A damning turn for President Trump and his associates:Federal prosecutors say he directed illegal payments during the presidential campaign to help prevent a possible sex scandal.
What we now know about Trump-Russia
Even before Robert Mueller reports his findings in the Russia probe, what we already now know is highly damning and highly detailed.
Go deeper: Every big move in the Mueller investigation
Some lawmakers are not taking their midterm losses quietly. After Gov. Scott Walker’s stunning loss last month, Wisconsin Republicans pushed through a sweeping set of bills Wednesday designed to limit the power of the incoming Democratic leaders. The move sent protesters flooding into the State Capitol, above.
Michigan Republicans followed suit, but may not have the support of their departing governor, Rick Snyder, who portrays himself as a pragmatic businessman.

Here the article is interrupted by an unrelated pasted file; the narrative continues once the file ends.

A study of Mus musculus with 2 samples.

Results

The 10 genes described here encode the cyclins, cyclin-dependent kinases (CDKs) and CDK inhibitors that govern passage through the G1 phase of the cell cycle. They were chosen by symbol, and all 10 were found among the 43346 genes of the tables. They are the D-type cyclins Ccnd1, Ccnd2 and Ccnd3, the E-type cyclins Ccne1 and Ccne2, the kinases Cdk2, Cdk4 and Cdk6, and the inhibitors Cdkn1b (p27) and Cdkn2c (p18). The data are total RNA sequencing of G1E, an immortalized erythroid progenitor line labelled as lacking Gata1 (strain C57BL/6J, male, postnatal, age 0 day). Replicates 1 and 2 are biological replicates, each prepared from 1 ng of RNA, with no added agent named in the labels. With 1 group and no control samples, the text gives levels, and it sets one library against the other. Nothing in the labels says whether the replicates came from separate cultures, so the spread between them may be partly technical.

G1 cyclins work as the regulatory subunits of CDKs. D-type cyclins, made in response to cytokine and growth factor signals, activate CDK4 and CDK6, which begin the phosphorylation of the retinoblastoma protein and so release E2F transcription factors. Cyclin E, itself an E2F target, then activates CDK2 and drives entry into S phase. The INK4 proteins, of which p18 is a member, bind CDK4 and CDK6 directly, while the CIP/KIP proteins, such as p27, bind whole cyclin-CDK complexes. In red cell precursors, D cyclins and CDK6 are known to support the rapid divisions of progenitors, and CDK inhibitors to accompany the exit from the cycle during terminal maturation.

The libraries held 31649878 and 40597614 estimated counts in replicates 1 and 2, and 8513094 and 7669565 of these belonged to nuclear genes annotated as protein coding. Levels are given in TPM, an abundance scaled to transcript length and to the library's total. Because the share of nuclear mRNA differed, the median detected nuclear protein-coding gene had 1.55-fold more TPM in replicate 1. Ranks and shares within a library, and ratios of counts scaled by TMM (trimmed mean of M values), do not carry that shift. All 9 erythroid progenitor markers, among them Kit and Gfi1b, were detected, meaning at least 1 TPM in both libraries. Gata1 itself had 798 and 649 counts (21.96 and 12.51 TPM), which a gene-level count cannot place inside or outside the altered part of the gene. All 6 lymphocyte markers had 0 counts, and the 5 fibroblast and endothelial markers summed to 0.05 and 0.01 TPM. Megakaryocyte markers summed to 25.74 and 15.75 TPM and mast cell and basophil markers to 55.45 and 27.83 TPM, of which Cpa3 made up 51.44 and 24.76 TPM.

The arrest of a top executive at Huawei, one of China’s flagship technology firms, has thrown President Trump’s trade negotiations with China into disarray.
The French "yellow jackets" were at it again Saturday, but with less steam after president Emmanuel Macron suspended a tax on fuel. By the numbers, per the BBC:
"An estimated 125,000 people took part in marches across the country on Saturday, the interior ministry said... More than 1,700 people were arrested..."
"Nearly 90,000 officers had been deployed, including 8,000 in Paris where 12 armoured vehicles were also used.
"Around 10,000 people demonstrated in the capital, where the scenes were the most destructive. Windows were smashed, cars were burned and shops were looted."
Go deeper: The fallout from France's fuel tax cave
The nominees are here for the Grammys and the Golden Globes.For both awards, there were surprises, snubs and refreshing developments: All four of the Grammys’ major categories — record of the year, song of the year, album of the year and best new artist — are dominated by women. Our writers had some opinions on the picks. And our critics put out their guides to their favorite albums, movies and performances of the year.
Smartphones, tablets and video games are physically changing the brains of adolescents, early results from an ongoing $300 million study funded by the National Institute of Health have shown, according to a report by “60 Minutes.”